DEA Kicks-Off Red Ribbon Campaign
OCT 21 -- PHOENIX – The Drug Enforcement Administration (DEA) begins its annual Red Ribbon Campaign on October 21, 2009. Together with the Partnership for a Drug-Free America, Arizona Chapter, DEA representatives will work in local communities to spread a strong anti-drug message. During the campaign, more than 15,000 ribbons will be distributed to schools across the state.
“This time of year is especially important to us at the DEA,” said Phoenix Special Agent-in-Charge Elizabeth Kempshall. “Our Agents see the devastating effects of drug use everyday and we as an Agency must do everything possible to protect this country’s most valuable asset: our children.”
Red Ribbon Week is an important tradition for the DEA. The event, which has become a national symbol of drug prevention, pays tribute to DEA hero Special Agent Enrique Camarena. Special Agent Camarena was abducted by drug traffickers in Guadalajara, Mexico, in February of 1985 and was subsequently tortured and murdered.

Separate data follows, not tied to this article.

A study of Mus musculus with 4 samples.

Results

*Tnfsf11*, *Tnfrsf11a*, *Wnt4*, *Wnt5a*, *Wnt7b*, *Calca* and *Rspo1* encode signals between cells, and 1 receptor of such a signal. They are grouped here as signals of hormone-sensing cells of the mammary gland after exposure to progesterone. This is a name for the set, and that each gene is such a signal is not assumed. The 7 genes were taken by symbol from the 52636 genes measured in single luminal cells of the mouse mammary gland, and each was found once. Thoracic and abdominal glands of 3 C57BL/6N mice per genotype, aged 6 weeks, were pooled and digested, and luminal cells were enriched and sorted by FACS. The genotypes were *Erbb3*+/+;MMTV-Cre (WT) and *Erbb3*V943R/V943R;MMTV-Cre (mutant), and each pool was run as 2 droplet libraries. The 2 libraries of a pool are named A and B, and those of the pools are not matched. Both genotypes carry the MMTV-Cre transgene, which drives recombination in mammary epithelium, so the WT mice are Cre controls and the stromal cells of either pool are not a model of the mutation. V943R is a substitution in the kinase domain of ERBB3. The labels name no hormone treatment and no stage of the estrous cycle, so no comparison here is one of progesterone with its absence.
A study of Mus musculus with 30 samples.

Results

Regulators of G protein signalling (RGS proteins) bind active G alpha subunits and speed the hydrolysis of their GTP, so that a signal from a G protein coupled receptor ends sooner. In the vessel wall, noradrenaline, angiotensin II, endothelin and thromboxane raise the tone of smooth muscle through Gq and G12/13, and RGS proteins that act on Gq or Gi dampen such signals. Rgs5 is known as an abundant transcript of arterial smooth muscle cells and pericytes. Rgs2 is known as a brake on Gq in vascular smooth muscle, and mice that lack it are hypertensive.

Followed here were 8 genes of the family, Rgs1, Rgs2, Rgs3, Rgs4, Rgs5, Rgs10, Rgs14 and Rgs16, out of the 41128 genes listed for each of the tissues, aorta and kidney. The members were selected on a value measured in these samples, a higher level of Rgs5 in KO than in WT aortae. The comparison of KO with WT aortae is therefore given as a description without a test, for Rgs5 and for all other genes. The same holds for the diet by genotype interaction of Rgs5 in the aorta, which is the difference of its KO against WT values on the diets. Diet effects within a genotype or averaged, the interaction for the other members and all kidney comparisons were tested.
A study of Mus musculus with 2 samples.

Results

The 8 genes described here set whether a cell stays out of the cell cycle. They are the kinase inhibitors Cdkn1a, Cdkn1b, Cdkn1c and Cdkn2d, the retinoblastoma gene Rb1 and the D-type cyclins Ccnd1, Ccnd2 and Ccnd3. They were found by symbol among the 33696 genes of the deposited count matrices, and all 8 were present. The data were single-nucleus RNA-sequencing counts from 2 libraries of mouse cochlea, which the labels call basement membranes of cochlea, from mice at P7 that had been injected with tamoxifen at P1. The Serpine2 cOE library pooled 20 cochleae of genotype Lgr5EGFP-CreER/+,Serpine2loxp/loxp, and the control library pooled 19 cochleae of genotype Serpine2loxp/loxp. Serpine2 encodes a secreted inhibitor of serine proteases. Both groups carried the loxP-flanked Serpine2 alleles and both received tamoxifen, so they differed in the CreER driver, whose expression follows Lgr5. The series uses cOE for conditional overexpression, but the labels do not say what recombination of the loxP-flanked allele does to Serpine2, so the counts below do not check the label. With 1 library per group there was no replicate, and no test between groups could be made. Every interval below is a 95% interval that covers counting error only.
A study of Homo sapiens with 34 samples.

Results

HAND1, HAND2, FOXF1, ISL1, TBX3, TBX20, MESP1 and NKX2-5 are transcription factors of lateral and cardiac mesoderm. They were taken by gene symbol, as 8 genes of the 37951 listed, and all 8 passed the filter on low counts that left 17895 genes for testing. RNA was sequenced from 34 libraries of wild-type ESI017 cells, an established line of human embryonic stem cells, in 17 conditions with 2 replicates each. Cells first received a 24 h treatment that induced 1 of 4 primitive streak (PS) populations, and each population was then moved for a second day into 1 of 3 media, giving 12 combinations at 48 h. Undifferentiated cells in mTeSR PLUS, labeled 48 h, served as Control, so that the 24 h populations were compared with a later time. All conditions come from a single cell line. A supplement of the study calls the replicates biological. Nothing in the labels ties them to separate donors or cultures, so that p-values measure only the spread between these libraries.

Within weeks of his death, Camarena Clubs were launched in his home town of Imperial Valley in California. In 1988, the U.S. Congress proclaimed the last week in October as the National Red Ribbon Week and then-President Ronald Reagan and his wife Nancy, chaired the event. Approximately 80 million people participate in Red Ribbon events every year.
Red Ribbon Week is nationally recognized and celebrated each year in the United States. It is a symbol of support for DEA’s efforts to reduce demand for illegal drugs through prevention and education programs. Red Ribbon Week pays homage to Special Agent Camarena and all those who made the ultimate sacrifice in support of our nation’s struggle against drug trafficking and abuse. By wearing a red ribbon during the last week of October, Americans demonstrate their ardent opposition to illegal drug abuse and trafficking, as well as those who profit from it.
If you would like to cover one of the local Red Ribbon activities, please call Public Information Officer Ramona Sanchez. For more information, please go to www.justthinktwice.com or www.drugfree.org.